Homily for the Assumption of the Blessed Virgin Mary (B), Wednesday, August 15th, 2018:
By Father Scott Karnik
Today we celebrate the Solemnity of the Assumption of the Blessed Virgin Mary into heaven. It is a teaching of the Roman Catholic Church for the past 68-years. Pope Pius the XIIth declared it. Sacred Scripture is silent about this. But God is not. This event speaks loudly of resurrection.
God assumes the Blessed Virgin Mary into heaven at her death. She does not ascend into heaven on her own, like her Son, Jesus Christ did. This is something God has done. And God does it for a reason. God does it to show us what He intends for each of us. God wants to take us into the eternal happiness of heaven to be with Him in love. And Exhibit A is the Blessed Virgin Mary. This is what God wants. God loves us that much that He has given us an example of His loving intent, His loving plan.
The Blessed Virgin Mary’s death is an example of the blessed death that is available to us. St. Alphonsus Ligouri wrote that the Blessed Virgin Mary died 1: detached from all earthly things, 2: with a peaceful conscience, and 3: certain of eternal glory. The Blessed Virgin Mary died detached from all earthly things because she was united more closely to God. She died with a peaceful conscience because she was always holy and pure. And she died certain of eternal glory because she was always full of grace. She did not squander it. St. Alphonsus Ligouri wrote that the Blessed Virgin Mary loved only Jesus. Jesus is in heaven and all of Mary’s desires were in heaven too. So therefore, her peace was only to be united with God. The place and treasure of her heart was God alone. That’s what St. Alphonsus Ligouri wrote about Mary’s Assumption is his book The Glories of Mary. The Blessed Virgin Mary is an example of how we must prepare for our own deaths: detached from earthly things, with a peaceful conscience, and certain of eternal glory.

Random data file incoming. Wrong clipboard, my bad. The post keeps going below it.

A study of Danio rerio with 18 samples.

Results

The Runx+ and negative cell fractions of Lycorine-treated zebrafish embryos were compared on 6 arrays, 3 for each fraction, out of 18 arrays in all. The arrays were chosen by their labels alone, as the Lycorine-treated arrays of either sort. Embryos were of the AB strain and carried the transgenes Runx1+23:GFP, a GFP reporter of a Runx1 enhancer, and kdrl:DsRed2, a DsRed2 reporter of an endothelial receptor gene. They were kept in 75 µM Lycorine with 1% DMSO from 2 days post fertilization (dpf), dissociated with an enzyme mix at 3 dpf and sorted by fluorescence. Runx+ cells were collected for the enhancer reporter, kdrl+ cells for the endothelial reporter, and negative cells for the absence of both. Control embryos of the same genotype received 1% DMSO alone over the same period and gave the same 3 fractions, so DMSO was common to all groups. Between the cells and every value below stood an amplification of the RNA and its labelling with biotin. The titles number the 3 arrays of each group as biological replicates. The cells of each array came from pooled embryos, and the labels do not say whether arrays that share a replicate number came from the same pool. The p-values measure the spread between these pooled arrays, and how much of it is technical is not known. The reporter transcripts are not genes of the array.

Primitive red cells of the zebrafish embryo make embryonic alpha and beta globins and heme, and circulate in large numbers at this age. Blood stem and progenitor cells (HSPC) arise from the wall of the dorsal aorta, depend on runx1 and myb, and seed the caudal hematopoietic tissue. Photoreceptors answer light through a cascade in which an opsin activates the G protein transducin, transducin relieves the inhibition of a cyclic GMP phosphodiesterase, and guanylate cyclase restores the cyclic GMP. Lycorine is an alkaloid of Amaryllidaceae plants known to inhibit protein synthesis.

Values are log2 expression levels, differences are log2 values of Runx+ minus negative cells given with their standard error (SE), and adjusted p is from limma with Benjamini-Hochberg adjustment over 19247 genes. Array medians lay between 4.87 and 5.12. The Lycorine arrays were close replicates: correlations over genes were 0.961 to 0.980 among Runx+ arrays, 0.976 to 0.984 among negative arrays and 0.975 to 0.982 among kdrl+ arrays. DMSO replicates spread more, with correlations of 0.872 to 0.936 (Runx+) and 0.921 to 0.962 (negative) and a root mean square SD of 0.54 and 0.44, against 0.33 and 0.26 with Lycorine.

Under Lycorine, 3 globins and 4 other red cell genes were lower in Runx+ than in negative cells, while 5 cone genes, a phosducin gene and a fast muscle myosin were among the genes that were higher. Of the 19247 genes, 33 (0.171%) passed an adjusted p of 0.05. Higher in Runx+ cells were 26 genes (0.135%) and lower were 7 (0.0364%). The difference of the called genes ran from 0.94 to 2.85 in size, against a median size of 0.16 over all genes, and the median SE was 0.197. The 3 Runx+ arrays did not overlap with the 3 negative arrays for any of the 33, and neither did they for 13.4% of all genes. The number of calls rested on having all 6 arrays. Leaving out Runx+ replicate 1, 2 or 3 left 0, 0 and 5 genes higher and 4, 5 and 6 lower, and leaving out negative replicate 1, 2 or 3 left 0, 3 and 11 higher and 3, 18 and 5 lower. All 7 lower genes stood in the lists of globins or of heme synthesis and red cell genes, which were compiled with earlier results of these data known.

Beyond death, there is resurrection through faith in Jesus Christ, as St. Paul writes in his letter to the Corinthians. The faithful who died before Christ’s Second Coming will rise at that coming. So the over-arching theme of the readings and of Mary’s Assumption is resurrection.
The gospel from Luke tells some things about the Blessed Virgin Mary. Mary is charitable. She goes hastily to visit her cousin Elizabeth. Mary does so because she has learned that Elizabeth is pregnant. She goes to help Elizabeth. Mary is humble. God is gracious to the lowly and the poor. That is Mary’s response to St. Elizabeth when Elizabeth identifies her as the “mother of my Lord.” Mary says there is no need to compliment her. God deserves the honor and glory. Mary needs salvation. Mary receives it from God Himself. Mary is a child of Adam. She is fully human. Mary needs her Son’s redemption. She received it and it gained her for the preventive grace which saved her from the stain of all sin, actual and original. She would be the Mother of God. God prepared her for that. Mary is completely unique in that regard.
God has given Mary a special role in heaven. The Blessed Virgin Mary is our spiritual mother. She is also someone God sends to give us graces to employ. Those graces include praying the Rosary, and other devotions. She is also an ambassador. She appears to us at various times to warn us, encourage us, and to tell us to confess our sins, to do better, and to go to Holy Mass on Sunday, and receive her Son Jesus in Holy Communion, and to repent of our sinfulness. Mary performs active roles for us and she does them well and with the approval of God the Father and Jesus, God’s Son and Mary’s. Reach out to her in prayer. Imitate her. You will find that when you do, you will become more like Jesus. It is Jesus who saves us, not Mary. But Mary is an example of what will happen to those who serve and fear God and His Only Begotten Son. That is resurrection and life with God in Heaven.